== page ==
Ireland bucks ecotrend as companies emit 5% more greenhouse gases

Environmental Protection Agency says Ireland must break fossil-fuel dependence

Greenhouse gases: Ireland books all emissions for the 15 aviation companies registered in the State, even if their aircraft never touch down in Ireland. Photograph: Saul Loeb/AFP/Getty

Greenhouse gases: Ireland books all emissions for the 15 aviation companies registered in the State, even if their aircraft never touch down in Ireland. Photograph: Saul Loeb/AFP/Getty

 

Greenhouse-gas emissions by Irish companies rose by 5.4 per cent in 2016, compared with a decline of almost 3 per cent across the European Union, according to the Environmental Protection Agency.

The aviation industry was responsible for the largest increase, with extra flights the main cause of a 23 per cent jump. The amount of carbon dioxide released by power companies climbed by 6.6 per cent, and cement-industry emissions increased by 6.8 per cent.

The drop across Europe was 2.7 per cent.

The figures are collated through the EU emissions-trading scheme, an international market that 100 big companies in Ireland take part in, buying and selling chunks of their EU-set emissions allowances. They can sell their surplus if they cut the amount of greenhouse gases that they release, or buy allowances from other, less polluting companies if need be.

The rules mean that Ireland books all emissions for the 15 aviation companies registered in the State, which include Norwegian Air International as well as Ryanair and Aer Lingus, even if their aircraft never touch down in Ireland.

Higher demand for electricity was responsible for the rise in power-generation emissions, which came from gas-fired plants; emissions from coal- and peat-fired stations dropped slightly. The Environmental Protection Agency said the amount of wind-powered energy available last year dropped.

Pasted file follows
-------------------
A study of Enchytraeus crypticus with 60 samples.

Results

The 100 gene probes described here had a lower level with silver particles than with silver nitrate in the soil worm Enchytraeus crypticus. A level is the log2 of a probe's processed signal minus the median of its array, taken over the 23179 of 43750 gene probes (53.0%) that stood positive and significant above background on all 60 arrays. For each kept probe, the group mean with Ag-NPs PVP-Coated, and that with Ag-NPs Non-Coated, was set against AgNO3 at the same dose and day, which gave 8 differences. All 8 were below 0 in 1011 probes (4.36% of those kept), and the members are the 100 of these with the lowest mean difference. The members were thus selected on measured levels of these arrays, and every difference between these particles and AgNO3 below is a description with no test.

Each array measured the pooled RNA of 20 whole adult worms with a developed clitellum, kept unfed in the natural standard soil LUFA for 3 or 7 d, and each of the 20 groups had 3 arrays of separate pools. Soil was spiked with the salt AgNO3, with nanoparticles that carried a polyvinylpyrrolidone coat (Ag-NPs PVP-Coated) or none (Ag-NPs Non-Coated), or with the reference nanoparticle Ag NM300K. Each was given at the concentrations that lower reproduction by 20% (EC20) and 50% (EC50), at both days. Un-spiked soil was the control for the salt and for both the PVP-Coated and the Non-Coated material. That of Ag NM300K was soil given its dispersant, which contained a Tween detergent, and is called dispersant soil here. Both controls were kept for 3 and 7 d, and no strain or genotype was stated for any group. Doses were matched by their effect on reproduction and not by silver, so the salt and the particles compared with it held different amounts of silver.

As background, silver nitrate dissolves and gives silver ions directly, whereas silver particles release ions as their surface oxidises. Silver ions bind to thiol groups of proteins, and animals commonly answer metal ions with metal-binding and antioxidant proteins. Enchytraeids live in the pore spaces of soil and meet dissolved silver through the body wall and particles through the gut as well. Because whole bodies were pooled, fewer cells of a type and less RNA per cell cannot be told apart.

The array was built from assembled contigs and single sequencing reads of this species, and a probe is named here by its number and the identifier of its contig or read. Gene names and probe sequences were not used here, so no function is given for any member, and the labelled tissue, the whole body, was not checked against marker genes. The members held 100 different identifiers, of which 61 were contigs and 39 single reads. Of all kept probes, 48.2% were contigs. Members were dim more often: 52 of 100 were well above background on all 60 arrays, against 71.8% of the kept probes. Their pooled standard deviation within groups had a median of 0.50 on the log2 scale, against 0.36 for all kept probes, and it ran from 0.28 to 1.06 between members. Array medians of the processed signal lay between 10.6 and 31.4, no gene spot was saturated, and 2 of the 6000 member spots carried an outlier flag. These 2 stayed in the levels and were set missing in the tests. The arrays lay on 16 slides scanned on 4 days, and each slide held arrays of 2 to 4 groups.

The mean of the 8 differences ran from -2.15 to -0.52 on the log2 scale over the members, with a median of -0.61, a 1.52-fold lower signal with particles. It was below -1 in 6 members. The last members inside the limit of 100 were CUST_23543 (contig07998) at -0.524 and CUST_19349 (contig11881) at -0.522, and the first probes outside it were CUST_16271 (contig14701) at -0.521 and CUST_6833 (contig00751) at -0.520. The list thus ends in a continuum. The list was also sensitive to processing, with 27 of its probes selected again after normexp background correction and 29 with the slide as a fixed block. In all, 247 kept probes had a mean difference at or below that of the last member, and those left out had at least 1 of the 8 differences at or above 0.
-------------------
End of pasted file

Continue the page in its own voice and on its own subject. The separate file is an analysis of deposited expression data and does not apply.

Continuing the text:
The figures prompted Dr Tom Ryan of the agency to say that Ireland must break its dependence on fossil-energy infrastructure. Greenhouse-gas emissions from the trading sector have increased every year since 2013, he said, and 2016’s were the highest for eight years. He called the rise a “disappointing indictor that the price of carbon remains too low for the trading system to have the desired impact on emissions in Ireland”. A tonne of carbon-dioxide emissions currently costs €4.86.

Government policy is to cut carbon emissions “by at least 80 per cent compared to 1990 levels by 2050 across the electricity-generation, built-environment and transport sectors while achieving carbon neutrality in the agriculture and land-use sectors”, he said.

The 2016 results, which are an estimate by Thomson Reuters based on preliminary analysis of data from the EU, Norway, Iceland and Liechtenstein, have been sent to the Department of Transport and the Department of Communications, Climate Action and Environment.